At 2 p.m. Saturday, Littlefield Residence Hall will host its annual alumni reunion, which is traditionally known as Lemon Day. The building’s Residence Hall Council, of which I am a member, has spent the past few months organizing this event. On Lemon Day, former residents from as recently as last year to as far back as the 1950s will all return to Littlefield to reminisce about their days as so-called “Littlefield Ladies.”
Littlefield’s rich history and traditions have always exerted a powerful pull on its residents. Founded in 1927 by Maj. George Washington Littlefield in honor of his wife Alice Littlefield, the residence hall is the oldest on campus and the only one dedicated exclusively to freshmen women. The kindly ghost of Alice Littlefield is said to haunt the building, permanently watching over the girls who live there.
Like Alice’s presence, many Littlefield residents have a hard time staying away for good. Lemon Day mainly draws women who have been absent for 50 years or more but still look fondly back on their Littlefield days. Many alumni remain in touch with their Littlefield friends and roommates and often accompany each other to Lemon Day.
But Lemon Day is more than just a social get-together. This year, two distinguished guest speakers will highlight the important role the event plays in preserving Littlefield’s cultural history. Margaret C. Berry, a 1937 graduate of the University, will share her experiences from a lifetime of involvement with Littlefield and UT. David Gracy II, a historian and great-great-nephew of George Littlefield, will offer an informative talk on Alice Littlefield’s life. Past and present residents will be able to view old scrapbooks, enjoy lemonade and lemon-flavored desserts and, most importantly, exchange tales about their time in the residence hall.
It is this last aspect of Lemon Day that makes the event essential to furthering Littlefield’s legacy. Every Lemon Day brings a chance for former Littlefield Ladies to extend the hall’s line of memory by sharing their stories with the current generation. They speak of having to dress up for Sunday dinner and of living without air conditioning in rooms overflowing with ruffled petticoats. One alum met her husband of 50 years at the residence hall — he was a waiter in the downstairs dining hall that has since been converted to office space.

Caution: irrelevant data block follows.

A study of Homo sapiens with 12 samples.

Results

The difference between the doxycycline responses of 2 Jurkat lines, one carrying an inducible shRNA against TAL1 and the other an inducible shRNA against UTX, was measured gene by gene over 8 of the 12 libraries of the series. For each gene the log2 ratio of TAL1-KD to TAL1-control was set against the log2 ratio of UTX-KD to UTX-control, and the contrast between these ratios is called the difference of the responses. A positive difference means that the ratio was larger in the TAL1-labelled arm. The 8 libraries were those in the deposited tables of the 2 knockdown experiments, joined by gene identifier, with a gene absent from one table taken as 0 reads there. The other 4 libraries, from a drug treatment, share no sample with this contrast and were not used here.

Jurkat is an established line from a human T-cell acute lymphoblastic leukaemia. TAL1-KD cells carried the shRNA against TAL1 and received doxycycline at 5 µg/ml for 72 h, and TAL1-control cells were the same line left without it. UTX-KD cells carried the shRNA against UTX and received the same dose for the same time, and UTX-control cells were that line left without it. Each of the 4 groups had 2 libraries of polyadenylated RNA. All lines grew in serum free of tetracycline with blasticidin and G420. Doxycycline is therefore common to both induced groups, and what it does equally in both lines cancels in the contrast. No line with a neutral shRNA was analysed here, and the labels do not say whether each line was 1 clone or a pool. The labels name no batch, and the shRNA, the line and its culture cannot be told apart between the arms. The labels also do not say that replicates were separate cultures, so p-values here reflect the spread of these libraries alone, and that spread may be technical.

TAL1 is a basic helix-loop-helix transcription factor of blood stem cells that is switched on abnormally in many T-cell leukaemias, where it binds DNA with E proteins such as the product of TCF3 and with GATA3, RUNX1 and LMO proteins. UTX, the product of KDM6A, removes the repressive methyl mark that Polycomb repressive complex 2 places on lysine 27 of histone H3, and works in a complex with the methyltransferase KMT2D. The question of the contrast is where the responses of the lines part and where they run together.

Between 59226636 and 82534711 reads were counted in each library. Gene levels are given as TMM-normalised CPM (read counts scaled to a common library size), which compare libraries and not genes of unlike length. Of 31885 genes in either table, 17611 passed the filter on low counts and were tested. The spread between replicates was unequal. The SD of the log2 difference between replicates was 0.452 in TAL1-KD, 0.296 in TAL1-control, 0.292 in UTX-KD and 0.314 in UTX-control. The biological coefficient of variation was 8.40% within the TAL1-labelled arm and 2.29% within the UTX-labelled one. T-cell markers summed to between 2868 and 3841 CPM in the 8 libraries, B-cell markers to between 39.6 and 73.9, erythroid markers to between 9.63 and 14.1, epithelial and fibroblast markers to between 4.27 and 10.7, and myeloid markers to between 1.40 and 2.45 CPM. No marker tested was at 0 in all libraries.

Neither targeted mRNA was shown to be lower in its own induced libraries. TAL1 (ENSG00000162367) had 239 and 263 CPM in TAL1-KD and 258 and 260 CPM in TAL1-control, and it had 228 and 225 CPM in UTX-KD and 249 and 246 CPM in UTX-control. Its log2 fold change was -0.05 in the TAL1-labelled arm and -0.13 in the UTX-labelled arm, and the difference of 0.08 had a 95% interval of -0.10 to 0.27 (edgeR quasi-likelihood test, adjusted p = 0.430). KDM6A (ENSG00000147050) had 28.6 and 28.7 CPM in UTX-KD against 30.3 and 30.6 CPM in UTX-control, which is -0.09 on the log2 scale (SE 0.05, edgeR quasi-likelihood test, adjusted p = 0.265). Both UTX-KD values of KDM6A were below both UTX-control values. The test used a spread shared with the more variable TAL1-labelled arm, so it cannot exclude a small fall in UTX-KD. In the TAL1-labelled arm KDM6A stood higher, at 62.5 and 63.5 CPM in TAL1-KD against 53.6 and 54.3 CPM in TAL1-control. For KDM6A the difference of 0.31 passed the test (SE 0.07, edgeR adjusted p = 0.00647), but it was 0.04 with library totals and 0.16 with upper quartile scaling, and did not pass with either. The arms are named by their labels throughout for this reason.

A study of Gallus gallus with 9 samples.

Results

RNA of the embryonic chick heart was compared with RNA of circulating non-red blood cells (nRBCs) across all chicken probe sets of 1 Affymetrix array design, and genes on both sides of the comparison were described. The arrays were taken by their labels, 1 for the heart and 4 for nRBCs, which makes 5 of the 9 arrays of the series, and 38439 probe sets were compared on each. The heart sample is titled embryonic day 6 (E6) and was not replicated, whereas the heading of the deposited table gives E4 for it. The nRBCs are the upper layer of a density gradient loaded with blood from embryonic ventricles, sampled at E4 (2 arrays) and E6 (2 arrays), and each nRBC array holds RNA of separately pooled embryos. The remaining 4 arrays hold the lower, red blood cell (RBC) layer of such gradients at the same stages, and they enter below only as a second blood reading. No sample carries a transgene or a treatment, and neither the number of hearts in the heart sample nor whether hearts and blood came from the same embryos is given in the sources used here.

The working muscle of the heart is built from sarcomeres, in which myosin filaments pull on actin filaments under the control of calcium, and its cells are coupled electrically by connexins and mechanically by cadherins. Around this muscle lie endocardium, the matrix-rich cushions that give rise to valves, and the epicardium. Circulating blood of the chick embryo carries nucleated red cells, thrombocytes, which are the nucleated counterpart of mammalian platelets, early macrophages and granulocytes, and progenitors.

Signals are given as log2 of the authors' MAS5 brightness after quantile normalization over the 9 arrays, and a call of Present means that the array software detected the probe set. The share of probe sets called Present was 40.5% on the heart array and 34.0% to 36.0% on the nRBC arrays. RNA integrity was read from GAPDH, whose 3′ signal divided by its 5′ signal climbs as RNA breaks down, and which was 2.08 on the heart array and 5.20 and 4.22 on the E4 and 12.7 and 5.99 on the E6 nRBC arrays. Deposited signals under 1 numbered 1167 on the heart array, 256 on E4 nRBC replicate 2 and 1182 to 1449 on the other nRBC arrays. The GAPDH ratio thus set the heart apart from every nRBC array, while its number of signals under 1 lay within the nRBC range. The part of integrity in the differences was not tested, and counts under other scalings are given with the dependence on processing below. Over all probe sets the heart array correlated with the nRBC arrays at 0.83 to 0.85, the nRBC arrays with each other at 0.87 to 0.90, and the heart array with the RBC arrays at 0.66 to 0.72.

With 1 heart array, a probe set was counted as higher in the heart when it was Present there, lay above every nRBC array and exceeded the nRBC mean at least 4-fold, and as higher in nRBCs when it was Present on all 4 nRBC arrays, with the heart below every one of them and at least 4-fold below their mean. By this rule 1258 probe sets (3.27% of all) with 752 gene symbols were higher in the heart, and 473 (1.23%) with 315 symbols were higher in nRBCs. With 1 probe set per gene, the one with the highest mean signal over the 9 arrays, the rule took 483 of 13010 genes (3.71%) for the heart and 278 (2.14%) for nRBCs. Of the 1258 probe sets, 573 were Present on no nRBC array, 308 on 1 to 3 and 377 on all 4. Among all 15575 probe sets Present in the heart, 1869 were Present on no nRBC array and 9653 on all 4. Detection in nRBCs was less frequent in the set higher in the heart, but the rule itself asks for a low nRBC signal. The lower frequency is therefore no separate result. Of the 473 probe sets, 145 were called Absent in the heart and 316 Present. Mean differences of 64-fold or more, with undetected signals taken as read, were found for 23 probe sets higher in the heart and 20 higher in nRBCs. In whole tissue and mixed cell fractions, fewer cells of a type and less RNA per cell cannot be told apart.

Littlefield has such a long history that many of its stories and traditions have gradually become buried over time. This inevitable erosion of memory is what makes Lemon Day so crucial for bridging the gap between Littlefield’s past and present. Without a cultural heritage, the building would simply be a nice place to spend a year away from home. But when Littlefield residents come to see themselves as threads of a tapestry woven from the building’s living history, something changes. They develop pride in their residence hall and cultivate a richer on-campus living experience. The mere dormitory becomes a home.
Littlefield is haunted by more than just a purported benevolent ghost. Everything from the Victorian-style furniture to the original hand-painted ceilings has a story to tell. It is in the words of Littlefield alumni that these stories are given voice. And it is in the minds of Littlefield’s current residents that they are kept alive.
Konczal is a finance sophomore. This is her second year as a Littlefield Lady.